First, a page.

Any folder shown online may be downloaded in PDF format for easy printing.
The Wisconsin Historical Society has one of the richest collections of Civil Rights movement records in the nation, which includes more than 100 manuscript collections documenting the Mississippi Freedom Summer Project of 1964.
More than 25,000 pages from the Freedom Summer manuscripts -- enough to fill several file cabinets -- are available online. In them you will find official records of organizations such as the Student Nonviolent Coordinating Committee (SNCC) and Congress of Racial Equality (CORE); the personal papers of movement leaders and activists such as Amzie Moore, Mary King and Howard Zinn, letters and diaries of northern college students who went South to volunteer for the summer; newsletters produced in Freedom Schools; racist propaganda, newspaper clippings, pamphlets and brochures, magazine articles, telephone call logs, candid snapshots, internal memos, press releases and much more. The digital collection will continue to grow as more manuscripts are added in coming months.
We encourage students, teachers, writers, historians, and other researchers to use these materials in any 2014 programs marking the 50th anniversary of the 1964 Freedom Summer Project. Feel free to copy them for classroom activities, term papers, displays or exhibits, dramatic presentations, and other non-profit educational purposes.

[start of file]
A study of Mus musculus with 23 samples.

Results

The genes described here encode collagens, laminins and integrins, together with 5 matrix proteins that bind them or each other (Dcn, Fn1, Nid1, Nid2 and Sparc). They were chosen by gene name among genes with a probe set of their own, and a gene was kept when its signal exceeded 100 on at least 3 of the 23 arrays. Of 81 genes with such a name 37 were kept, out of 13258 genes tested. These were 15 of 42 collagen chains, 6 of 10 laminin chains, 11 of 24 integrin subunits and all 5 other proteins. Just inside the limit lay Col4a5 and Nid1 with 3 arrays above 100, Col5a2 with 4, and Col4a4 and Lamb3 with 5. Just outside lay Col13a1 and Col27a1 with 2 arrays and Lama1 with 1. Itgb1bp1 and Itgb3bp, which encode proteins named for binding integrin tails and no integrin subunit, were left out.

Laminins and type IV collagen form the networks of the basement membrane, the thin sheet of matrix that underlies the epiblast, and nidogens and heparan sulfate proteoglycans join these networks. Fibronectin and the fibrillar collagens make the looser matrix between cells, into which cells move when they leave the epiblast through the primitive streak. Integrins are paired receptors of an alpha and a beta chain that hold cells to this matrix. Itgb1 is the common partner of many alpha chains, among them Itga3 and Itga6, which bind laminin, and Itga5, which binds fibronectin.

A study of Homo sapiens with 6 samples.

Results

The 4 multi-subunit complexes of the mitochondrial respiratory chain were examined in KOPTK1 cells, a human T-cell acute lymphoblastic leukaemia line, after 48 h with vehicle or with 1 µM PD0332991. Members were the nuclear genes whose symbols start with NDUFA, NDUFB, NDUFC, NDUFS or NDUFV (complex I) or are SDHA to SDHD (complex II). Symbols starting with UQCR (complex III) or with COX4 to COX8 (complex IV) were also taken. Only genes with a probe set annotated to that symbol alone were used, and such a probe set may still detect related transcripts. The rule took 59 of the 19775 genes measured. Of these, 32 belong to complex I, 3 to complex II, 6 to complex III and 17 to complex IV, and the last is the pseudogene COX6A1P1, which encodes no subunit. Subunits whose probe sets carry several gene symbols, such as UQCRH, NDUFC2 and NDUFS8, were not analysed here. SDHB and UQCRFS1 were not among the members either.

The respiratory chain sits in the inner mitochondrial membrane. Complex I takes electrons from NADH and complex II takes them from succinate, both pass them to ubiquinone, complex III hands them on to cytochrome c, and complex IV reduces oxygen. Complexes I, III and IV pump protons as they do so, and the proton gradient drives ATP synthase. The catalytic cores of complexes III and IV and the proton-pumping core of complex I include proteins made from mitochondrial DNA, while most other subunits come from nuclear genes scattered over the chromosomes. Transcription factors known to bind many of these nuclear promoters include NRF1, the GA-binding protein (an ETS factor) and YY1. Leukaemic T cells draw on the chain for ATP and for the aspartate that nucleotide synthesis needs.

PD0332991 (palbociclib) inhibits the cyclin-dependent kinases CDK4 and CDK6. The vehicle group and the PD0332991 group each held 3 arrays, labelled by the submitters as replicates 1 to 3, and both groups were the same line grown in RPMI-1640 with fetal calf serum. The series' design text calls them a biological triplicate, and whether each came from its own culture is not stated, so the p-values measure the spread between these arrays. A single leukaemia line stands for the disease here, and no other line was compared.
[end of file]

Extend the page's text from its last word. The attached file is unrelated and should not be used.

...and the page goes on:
Online items were scanned to be exact duplicates of the physical items in the collection. Digitized items are grouped into digital manuscript folders according to how the physical items are grouped and stored in boxes in the Archives.
Every physical folder is presented online intact, clearly identifying its original creator, collection name, and box location. Digital folders can be browsed on your screen just as you would handle the original records in the Society Archives Research Room.
Each digital folder has a short summary of its contents at the bottom of every page. Each has also been tagged to show subjects, communities, people and events that are documented in it. Use an Advanced Search to retrieve folders using these tags. Many folders contain papers that span several years and describe events before and after 1964.
The text on most pages is searchable. Perform an All Fields search to find specific words or phrases. Bear in mind that text searching is not 100 percent accurate, even though it often returns hundreds of results.
Users of Freedom Summer documents are responsible for obeying the U.S. Copyright Law. We share the documents strictly for nonprofit educational purposes and believe this conforms to fair use under the copyright law.
Copyright resides with the individuals who created the documents or the organizations for which they worked. The principal organizations have been defunct for many years and copyright to their unpublished records is uncertain.
We have attempted to contact individuals who created personal papers of significant length or importance. Nearly all have generously permitted us to include their work. If you believe that you possess copyright to material we have reproduced, please contact us at email@example.com.
Teachers and students are free to reproduce any document for nonprofit classroom use. Individual researchers may download them for private consultation. Other reproduction, especially for commercial use, may violate the U.S. Copyright Law and requires prior permission.
Contact our Library and Archives staff by email.